WASHINGTON – States would have no more than one year to make a decision on whether to approve oil and gas pipelines, dams and other construction projects crossing their waterways, under a new regulation proposed by EPA Administrator Andrew Wheeler Friday.

The move comes as states and tribal groups have become increasingly critical of the environmental impact of infrastructure projects, particularly those transporting fossil fuels that contribute to climate change.

“Our proposal is intended to help ensure that states adhere to the statutory language and intent of Clean Water Act,” Wheeler said in a statement. “When implemented, this proposal will streamline the process for constructing new energy infrastructure projects.”

New York state has blocked a series of natural gas pipeline projects running to New England, drawing opposition from oil and gas companies arguing the state is pushing the boundaries of a law designed to protect water quality. In some instances, pipeline decisions have dragged out years as developers went back and forth with state regulators over what are known as Section 401 reviews.

“Some states have viewed Section 401 as a means of determining which interstate pipeline projects are in the public interest and which are not,” Don Santa, president of the Interstate Natural Gas Association of America, said in a statement. “EPA’s draft rule is necessary to restore efficient and consistent implementation of Section 401 reviews.”

The rule change would also put tighter restrictions on states’ ability to block projects, limiting opposition to specific water quality issues and requiring that in the event of a denial they specify what if any information was lacking.

In April, President Donald Trump signed executive orders directing the EPA to review the agency’s permitting processes to speed up the construction of pipelines.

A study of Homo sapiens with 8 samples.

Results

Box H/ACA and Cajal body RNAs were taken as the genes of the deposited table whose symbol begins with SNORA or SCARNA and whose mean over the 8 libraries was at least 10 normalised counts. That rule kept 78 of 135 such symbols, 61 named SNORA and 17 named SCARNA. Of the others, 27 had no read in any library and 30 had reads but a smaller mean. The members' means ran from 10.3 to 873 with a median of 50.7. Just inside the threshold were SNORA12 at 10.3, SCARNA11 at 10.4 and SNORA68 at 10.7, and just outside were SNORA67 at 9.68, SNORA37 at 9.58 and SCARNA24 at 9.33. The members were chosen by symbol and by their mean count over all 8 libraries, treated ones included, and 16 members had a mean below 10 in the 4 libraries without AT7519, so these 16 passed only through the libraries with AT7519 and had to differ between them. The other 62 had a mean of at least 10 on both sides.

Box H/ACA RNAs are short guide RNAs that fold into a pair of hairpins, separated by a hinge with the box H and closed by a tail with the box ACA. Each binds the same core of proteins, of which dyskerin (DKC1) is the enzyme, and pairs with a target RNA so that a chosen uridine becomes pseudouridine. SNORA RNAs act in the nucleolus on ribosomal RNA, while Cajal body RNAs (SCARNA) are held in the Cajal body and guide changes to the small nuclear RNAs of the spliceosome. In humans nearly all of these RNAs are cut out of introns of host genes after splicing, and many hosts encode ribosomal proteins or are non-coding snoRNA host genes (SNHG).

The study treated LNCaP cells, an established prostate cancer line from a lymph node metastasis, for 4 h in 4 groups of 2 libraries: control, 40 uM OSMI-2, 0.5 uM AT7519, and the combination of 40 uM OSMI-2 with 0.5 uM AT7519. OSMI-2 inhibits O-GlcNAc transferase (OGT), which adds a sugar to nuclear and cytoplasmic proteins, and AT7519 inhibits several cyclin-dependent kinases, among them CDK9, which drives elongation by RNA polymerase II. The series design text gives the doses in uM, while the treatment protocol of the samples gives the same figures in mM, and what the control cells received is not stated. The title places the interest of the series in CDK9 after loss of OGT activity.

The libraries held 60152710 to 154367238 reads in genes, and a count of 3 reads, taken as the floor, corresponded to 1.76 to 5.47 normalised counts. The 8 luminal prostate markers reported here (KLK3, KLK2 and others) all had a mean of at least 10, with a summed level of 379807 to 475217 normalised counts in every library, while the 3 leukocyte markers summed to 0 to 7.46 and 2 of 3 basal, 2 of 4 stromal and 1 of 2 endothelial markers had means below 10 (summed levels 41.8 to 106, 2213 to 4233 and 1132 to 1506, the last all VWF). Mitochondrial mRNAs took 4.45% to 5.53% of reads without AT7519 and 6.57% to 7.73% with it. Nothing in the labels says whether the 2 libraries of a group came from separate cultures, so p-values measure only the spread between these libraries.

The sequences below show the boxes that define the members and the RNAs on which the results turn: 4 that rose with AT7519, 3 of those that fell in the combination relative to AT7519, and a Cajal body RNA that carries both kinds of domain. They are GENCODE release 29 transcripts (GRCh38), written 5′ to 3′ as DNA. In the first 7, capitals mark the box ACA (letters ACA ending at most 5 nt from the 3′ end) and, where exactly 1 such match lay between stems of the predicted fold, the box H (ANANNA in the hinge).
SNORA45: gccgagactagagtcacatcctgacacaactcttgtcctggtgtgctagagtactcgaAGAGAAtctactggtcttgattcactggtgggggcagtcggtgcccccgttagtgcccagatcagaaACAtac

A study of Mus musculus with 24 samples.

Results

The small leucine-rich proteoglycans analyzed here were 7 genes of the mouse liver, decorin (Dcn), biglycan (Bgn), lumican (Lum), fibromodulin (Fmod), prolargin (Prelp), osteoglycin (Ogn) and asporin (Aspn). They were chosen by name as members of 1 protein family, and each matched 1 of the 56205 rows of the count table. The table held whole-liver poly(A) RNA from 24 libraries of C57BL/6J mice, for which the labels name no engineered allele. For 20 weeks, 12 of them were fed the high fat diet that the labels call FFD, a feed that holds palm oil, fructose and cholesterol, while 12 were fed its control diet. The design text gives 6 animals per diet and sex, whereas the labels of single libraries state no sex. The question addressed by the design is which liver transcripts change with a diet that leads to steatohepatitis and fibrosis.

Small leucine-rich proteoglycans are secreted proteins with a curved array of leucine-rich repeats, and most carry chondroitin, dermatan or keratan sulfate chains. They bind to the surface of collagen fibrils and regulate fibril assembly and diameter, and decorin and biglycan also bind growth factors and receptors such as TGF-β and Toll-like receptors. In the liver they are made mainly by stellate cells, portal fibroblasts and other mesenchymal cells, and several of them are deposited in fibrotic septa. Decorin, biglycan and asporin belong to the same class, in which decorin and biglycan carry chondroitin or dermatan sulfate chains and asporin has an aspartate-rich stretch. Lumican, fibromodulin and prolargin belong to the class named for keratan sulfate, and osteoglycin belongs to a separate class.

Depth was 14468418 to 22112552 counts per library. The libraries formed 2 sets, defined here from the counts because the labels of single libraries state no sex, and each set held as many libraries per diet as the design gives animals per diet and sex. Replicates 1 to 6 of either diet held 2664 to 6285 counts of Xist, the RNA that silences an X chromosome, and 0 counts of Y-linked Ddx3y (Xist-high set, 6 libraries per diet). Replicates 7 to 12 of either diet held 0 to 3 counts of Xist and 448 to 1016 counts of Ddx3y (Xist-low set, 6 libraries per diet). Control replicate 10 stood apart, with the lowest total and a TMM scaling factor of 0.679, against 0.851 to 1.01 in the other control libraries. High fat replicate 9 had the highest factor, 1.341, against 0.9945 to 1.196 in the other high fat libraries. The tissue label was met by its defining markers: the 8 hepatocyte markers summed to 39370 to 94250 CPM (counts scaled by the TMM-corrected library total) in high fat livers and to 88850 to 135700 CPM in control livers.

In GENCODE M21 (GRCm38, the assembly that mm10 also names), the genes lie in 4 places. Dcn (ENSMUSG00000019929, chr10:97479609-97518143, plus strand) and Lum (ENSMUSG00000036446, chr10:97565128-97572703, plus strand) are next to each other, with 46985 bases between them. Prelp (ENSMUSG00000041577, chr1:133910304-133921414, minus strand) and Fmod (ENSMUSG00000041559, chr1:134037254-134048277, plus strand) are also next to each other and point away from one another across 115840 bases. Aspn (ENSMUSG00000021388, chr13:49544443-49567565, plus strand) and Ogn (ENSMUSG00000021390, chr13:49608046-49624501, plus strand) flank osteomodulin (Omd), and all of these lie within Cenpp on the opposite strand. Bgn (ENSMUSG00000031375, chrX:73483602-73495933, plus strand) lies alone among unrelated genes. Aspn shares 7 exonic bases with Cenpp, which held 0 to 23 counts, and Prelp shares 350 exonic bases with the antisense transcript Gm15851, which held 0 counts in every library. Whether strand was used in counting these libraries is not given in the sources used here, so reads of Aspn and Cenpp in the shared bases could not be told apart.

“Too often, badly needed energy infrastructure is being held back by special interest groups, entrenched bureaucracies and radical activists,” Trump said during a speech outside Houston that same month.

But the proposed rule change is unlikely to prevent states such as New York from blocking projects they oppose, experts say. Most projects carry some environmental risk upon which state regulators could base their opposition.

Wheeler’s proposed changes were criticized as a federal attack on states’ rights, a controversial issue among many Republicans in Congress, who, despite lobbying by oil and gas companies, have been reluctant to change the water quality laws to limit states’ authority.

“Apparently the Trump administration only likes states’ rights when it can use them as an excuse to allow polluters to destroy streams and pave over wetlands,” said Madeleine Foote, deputy legislative director at environmental advocacy group League of Conservation Voters. “At a time when communities across the country are suffering from water crises in the form of dead zones, lead contamination, and so many other challenges, this proposed rule is the exact opposite of what is needed.”

The EPA said Friday it is “in consultation with state, local and tribal partners, as well as other federal agencies” and plans to finalize the rule in May 2020.